Posted On: 4/9/2009


FORT LAUDERDALE, FL -- The USDA has published the requirements for "2009 Equipment Assistance Grants for School Food Authorities" authorized by Public Law 111-5. The grants will be made from a one-time appropriation of $100 million for equipment assistance to school food authorities participating in the National School Lunch Program.

According to the USDA, the intent of this grant is to infuse the funds quickly into the economy. Schools must apply by June 8, 2009.

Joe Gilbert, vice-president and general manager of Star Food, explained that USDA's Food and Nutrition Service recognizes that specially designed and equipped reimbursable meal machines will play an expanding role in the operation of the National School Lunch and School Breakfast Program.

Personnel policies, labor costs, pressure on lunchroom space, class schedules and limited time all contribute to the need to explore more efficient and effective methods of delivering important nutritional benefits to students and maintaining schools' revenue streams.

Star Food offers a reimbursable-meal vender designed specifically for school foodservice. It can deliver meals that contain all the components required under the School Lunch Program, and its payment system's cashless capability allows these meals to be delivered at the full or reduced price, or free.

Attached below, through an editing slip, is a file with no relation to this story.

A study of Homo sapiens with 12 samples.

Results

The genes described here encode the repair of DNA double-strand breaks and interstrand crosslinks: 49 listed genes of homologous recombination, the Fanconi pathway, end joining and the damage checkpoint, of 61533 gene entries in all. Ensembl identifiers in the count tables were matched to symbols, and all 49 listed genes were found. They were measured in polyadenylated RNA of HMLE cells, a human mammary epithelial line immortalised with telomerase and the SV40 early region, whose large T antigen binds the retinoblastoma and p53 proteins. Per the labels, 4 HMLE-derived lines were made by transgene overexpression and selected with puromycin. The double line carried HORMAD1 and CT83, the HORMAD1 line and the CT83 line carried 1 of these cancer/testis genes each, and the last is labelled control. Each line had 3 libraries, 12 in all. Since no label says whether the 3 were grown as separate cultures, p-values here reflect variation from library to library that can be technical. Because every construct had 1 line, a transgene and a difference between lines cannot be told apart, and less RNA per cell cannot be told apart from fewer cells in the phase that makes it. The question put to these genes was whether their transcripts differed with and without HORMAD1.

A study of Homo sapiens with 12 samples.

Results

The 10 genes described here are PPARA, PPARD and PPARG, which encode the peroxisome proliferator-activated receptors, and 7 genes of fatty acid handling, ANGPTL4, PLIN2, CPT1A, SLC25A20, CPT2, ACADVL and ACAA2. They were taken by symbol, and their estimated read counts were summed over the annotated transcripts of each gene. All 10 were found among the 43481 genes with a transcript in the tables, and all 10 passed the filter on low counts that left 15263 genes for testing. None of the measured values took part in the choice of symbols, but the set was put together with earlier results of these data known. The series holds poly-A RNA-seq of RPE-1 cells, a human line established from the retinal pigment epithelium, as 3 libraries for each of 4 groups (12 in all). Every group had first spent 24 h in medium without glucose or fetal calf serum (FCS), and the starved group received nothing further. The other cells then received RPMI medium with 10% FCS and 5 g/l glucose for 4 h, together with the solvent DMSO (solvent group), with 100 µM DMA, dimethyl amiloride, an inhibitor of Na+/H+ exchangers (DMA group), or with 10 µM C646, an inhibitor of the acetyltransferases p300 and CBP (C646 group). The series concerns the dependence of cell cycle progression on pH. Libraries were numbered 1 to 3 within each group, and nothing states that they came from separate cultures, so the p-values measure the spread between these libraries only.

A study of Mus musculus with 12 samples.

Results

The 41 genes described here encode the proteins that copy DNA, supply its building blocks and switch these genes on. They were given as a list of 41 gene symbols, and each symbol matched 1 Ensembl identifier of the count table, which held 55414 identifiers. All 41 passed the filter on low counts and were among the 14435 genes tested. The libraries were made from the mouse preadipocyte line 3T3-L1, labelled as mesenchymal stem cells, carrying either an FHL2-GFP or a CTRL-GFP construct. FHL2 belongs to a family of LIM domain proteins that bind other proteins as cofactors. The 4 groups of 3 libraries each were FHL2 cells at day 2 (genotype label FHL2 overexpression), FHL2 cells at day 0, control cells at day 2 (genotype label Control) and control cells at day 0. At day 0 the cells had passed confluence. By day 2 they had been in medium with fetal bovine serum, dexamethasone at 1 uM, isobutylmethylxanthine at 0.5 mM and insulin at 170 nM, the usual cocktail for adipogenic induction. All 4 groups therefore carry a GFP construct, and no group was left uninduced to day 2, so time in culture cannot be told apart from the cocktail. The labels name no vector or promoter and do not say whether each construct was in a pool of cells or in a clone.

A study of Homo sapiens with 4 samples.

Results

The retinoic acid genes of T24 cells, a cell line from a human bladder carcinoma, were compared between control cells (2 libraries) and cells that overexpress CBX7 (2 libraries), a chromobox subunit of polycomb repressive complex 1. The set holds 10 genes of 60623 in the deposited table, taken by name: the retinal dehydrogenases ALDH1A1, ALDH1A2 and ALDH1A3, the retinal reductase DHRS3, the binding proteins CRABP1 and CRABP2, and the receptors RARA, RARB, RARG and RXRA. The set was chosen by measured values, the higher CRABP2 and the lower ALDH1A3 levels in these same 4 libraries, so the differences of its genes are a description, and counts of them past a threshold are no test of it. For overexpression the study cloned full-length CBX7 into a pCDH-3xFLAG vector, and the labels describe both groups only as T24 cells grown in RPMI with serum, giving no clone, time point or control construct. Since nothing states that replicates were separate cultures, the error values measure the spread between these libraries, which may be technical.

The vender qualifies as equipment eligible for the new grants, Gilbert reported. "This grant means schools will now have the money to buy the 21st-Century technology tools that will help them feed far more kids on the reimbursable meal program," he explained.

Gilbert, who also maintains a website for the school foodservice profession at reimbursablemeals.com, noted that automation has a crucial role to play in meeting childhood nutrition needs.

"On a national average only about 38% of the population of a high school can be served within the short time allotted for lunch, so schools are missing many of their students," he reported. "Students can typically wait in line for up to 20 minutes to be served lunch, leaving them with a very short amount of time to eat."

The USDA grants, coupled with the Star Food reimbursable meal machine, represent a solution to the problem. "From what we are already hearing, school nutritionists are elated that the pieces are coming together so they can feed more kids," Gilbert observed.

Information may be had at the website, or from Star Food at (877) 857-FOOD.